Large scale, hypersharp photographic prints on Canson Ragmat 310gsm paper.
Take a look at Brutalism in a new way. These images are from a series called 'Outdistance' by the Australian photographer Derek Swalwell. Their portrayal of Italian Brutalist architecture shows uncompromising design softened by time and context.
Brutalism is often seen as stark and uninviting. Derek Swalwell's photography is anything but. There are no people in his images. Instead, he allows ageing structures and vegetation around them do the talking.
Shot entirely in Italy, Swalwell takes an intimate look at the works of famed architects Carlo Scarpa, Aldo Rossi and Carlo Aymonino to uncover a new narrative around these historically significant locations.
Through his curious lens and precise composition, Outdistance pays an extraordinary tribute to these design greats, focusing in on the details whilst capturing the magnetic dance between architecture and light.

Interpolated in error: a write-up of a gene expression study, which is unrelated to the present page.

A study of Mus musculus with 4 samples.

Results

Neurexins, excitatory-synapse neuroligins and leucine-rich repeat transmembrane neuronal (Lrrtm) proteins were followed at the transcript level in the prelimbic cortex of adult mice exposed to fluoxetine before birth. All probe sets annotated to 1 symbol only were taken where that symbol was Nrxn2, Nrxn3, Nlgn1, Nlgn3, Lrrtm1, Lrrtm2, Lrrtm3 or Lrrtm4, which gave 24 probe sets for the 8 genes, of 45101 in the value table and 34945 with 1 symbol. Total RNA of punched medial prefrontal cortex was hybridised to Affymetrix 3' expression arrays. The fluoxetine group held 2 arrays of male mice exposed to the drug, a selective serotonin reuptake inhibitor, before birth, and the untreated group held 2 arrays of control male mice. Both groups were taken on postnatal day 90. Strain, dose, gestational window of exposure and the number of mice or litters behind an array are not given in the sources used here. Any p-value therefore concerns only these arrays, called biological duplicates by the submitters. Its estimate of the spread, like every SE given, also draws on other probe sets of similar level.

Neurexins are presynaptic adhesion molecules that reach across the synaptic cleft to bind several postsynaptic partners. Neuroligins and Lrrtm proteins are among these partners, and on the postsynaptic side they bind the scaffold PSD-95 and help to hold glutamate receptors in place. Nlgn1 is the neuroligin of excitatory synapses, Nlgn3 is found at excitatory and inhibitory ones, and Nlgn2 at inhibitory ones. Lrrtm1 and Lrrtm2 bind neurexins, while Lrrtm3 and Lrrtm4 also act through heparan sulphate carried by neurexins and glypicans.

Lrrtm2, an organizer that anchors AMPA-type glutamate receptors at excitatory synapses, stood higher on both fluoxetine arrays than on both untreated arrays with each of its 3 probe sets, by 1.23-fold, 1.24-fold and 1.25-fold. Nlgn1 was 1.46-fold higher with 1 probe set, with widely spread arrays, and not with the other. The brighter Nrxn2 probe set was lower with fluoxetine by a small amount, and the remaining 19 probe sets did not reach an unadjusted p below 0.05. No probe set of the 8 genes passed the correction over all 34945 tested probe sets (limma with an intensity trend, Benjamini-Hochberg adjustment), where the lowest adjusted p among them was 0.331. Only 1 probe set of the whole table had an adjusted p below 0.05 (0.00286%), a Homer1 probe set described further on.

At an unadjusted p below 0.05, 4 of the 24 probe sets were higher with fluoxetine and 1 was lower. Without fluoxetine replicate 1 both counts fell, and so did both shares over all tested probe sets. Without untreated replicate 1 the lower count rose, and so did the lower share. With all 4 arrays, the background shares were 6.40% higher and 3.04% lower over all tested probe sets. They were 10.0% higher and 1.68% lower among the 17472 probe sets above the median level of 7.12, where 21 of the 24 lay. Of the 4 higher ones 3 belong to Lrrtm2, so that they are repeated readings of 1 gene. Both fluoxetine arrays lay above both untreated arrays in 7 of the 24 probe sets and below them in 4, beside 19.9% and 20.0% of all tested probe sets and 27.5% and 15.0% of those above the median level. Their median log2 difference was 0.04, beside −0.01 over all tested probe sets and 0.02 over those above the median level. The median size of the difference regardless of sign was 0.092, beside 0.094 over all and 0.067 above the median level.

Derek’s work has featured in a magnitude of design and architecture books and magazines across the world, including Architectural Digest (USA), Architectural Digest (MEX), Vogue Living, Architectural Review, Architecture Australia, Elle Decor to name a few.
Architecture has always been a fascination for me, and I think one of the contributing factors was my time traveling and seeing architectural innovation from across the world. I became interested in how the light worked through buildings. The way that the design of a building contributes to it’s changing throughout the day upon their trajectory of the sun.”
Most striking is Tomba Brion, a family tomb designed by Carlo Scarpa in the 1970s. Weathering has added a new dimension to Tomba Brion which Swalwell celebrates. The tomb appears somehow ancient, almost overpowered by the vegetation around it.